The print papers just aren't as relevant anymore. The paper today is just a rehash of what I read on line last night. It's old news before the ink even dries on the page. In addition, my on-line content is tailored to my interests. It's more personal, more real, and often more honest because of the freedoms of personal publishing.
One favorite site of mine is a daily digest from History.com.
This mornings entry tells how on this date in 1917 the U.S. ended its search for Pancho Villa. That little gem is of personal interest as my Great Grandfather W.A. Sands was one of the men sent into Mexico to hunt down the famed revolutionary under the command of General Black Jack Pershing. I can look at that history and write about it. I can link to it and add a new and more personal piece to the puzzle of the past.
I have grandpa's diary's. They are filled with day by day accounts of that mission, with a whole lotta talk of the Mexican"working girls" who entertained at their camps each night.
My father says W.A. and his wife did not speak directly to each other for the last forty years of their lives, even though they never divorced, and lived in the same house on Bryden Road until their deaths. In order to communicate, they would direct their comments to one or more of their seven children, -or occasionally the dog.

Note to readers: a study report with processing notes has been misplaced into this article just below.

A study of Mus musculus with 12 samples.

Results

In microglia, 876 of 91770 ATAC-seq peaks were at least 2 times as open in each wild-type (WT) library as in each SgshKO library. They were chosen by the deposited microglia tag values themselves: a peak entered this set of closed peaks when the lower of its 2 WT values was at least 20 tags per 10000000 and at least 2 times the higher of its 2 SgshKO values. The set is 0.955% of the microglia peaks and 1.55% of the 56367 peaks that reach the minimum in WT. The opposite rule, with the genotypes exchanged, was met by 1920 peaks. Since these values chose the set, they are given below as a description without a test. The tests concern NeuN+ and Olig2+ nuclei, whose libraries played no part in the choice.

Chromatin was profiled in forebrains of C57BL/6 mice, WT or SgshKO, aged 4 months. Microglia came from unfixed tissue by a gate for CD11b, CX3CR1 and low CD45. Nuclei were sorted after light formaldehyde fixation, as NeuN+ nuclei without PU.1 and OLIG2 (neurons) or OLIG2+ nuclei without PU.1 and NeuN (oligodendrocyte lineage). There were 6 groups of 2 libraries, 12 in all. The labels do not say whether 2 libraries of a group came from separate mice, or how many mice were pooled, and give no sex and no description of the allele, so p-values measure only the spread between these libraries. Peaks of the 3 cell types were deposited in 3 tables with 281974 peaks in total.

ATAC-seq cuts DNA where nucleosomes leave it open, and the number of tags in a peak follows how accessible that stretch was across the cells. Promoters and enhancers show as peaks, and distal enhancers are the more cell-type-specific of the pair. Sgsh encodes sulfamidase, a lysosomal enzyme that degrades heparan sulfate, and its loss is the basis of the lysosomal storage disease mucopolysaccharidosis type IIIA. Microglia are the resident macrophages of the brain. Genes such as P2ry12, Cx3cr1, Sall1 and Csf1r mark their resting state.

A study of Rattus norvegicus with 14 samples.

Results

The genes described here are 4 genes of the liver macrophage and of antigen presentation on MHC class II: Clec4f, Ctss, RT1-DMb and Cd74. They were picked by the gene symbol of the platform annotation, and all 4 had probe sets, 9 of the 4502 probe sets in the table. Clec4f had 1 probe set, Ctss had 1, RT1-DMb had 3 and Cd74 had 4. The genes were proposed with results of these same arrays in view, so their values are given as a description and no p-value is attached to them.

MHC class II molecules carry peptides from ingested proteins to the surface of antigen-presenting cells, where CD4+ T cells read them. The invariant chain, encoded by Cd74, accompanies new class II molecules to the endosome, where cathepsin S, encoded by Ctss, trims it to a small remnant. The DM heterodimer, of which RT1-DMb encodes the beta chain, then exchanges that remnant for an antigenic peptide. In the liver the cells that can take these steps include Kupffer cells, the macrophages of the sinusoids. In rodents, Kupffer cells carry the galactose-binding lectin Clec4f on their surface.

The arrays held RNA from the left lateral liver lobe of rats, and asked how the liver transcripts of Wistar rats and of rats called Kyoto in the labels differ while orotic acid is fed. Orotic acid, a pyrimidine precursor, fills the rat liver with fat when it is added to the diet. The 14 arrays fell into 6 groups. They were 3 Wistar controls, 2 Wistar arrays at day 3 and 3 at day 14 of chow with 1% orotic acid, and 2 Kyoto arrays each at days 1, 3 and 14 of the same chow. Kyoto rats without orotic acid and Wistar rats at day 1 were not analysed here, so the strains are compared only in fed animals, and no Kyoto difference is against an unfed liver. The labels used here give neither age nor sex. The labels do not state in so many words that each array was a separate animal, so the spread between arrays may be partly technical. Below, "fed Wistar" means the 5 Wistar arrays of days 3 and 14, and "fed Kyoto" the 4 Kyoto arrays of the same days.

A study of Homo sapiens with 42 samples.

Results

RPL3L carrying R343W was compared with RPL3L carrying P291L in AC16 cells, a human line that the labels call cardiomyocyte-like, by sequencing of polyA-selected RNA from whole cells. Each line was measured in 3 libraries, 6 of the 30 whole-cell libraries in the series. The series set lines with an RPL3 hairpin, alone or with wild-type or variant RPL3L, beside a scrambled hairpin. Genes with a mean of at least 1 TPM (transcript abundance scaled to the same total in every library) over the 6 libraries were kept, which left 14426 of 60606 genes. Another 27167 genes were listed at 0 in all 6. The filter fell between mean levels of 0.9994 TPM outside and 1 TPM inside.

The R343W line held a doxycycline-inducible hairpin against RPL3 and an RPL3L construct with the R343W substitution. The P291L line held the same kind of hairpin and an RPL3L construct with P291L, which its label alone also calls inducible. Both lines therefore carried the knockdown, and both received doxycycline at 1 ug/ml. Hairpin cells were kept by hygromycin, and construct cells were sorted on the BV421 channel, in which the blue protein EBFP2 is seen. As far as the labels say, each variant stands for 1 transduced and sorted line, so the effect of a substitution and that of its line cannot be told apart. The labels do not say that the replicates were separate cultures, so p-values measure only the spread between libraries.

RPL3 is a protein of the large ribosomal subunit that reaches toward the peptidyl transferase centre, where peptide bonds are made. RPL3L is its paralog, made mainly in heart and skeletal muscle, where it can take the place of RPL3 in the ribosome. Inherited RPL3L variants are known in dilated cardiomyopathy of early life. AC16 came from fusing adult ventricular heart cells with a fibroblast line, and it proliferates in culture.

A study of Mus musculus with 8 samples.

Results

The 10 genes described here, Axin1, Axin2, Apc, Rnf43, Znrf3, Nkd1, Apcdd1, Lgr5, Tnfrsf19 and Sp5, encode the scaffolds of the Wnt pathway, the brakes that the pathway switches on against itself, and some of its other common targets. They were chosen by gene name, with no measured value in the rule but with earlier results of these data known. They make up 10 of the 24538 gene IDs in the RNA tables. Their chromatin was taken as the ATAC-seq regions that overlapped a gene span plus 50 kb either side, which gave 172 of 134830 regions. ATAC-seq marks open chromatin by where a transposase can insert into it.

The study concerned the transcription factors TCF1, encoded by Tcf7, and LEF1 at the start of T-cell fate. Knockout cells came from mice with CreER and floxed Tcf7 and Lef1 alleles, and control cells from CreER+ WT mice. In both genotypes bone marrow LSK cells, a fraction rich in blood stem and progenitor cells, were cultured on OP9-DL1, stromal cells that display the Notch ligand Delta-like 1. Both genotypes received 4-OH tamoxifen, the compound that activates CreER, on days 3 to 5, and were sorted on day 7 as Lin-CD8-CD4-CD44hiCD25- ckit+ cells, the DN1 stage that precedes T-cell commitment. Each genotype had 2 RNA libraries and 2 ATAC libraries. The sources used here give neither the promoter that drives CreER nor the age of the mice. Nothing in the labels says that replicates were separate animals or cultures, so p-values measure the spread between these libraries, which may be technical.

I have often wonder if that diary might have played a part in their long running marital feud. His diaries don't say. There is not one cross word about his wife or children in those pages. He talks extensively of his missions with Pershing, both to Mexico, and later into WWI France. He talks of his work as the leader of the 42nd Rainbow Division military band, and later of The Great Depression and his work as a business man in Columbus Ohio, but there is not a single sentence in those volumes discussing his personal feelings about his family.
His wife, Tose Sands, kept a diligent daily record too. She logged the weather, who came to visit, what the meals were, who was born and who died, but she too wrote nary a word about their personal lives. Even on holidays like Christmas, the accounts fail to mention feelings about family or gifts, or the joy of celebration.
I think there is a lesson in those musty old books for the bloggers of the future. While a meteorologist or a war historian might find gold in those pages, regular readers are looking for something more...a personal history, with feelings and personal philosophies on life. Entries like that not only teach us who these people were, but it keeps their memories alive, and provides us with a way to connect to our collective past, and relate their struggles to our future.
When I look at the photos in the old family trunk, I often wonder what those ghosts of the past were like. I wish we had more diaries, more personal glimpses into history, and I hope the age of the Internet will make that dream come alive for the children of tomorrow.
When I look into the eyes of those old photos, I want to know who those people were. Don't you?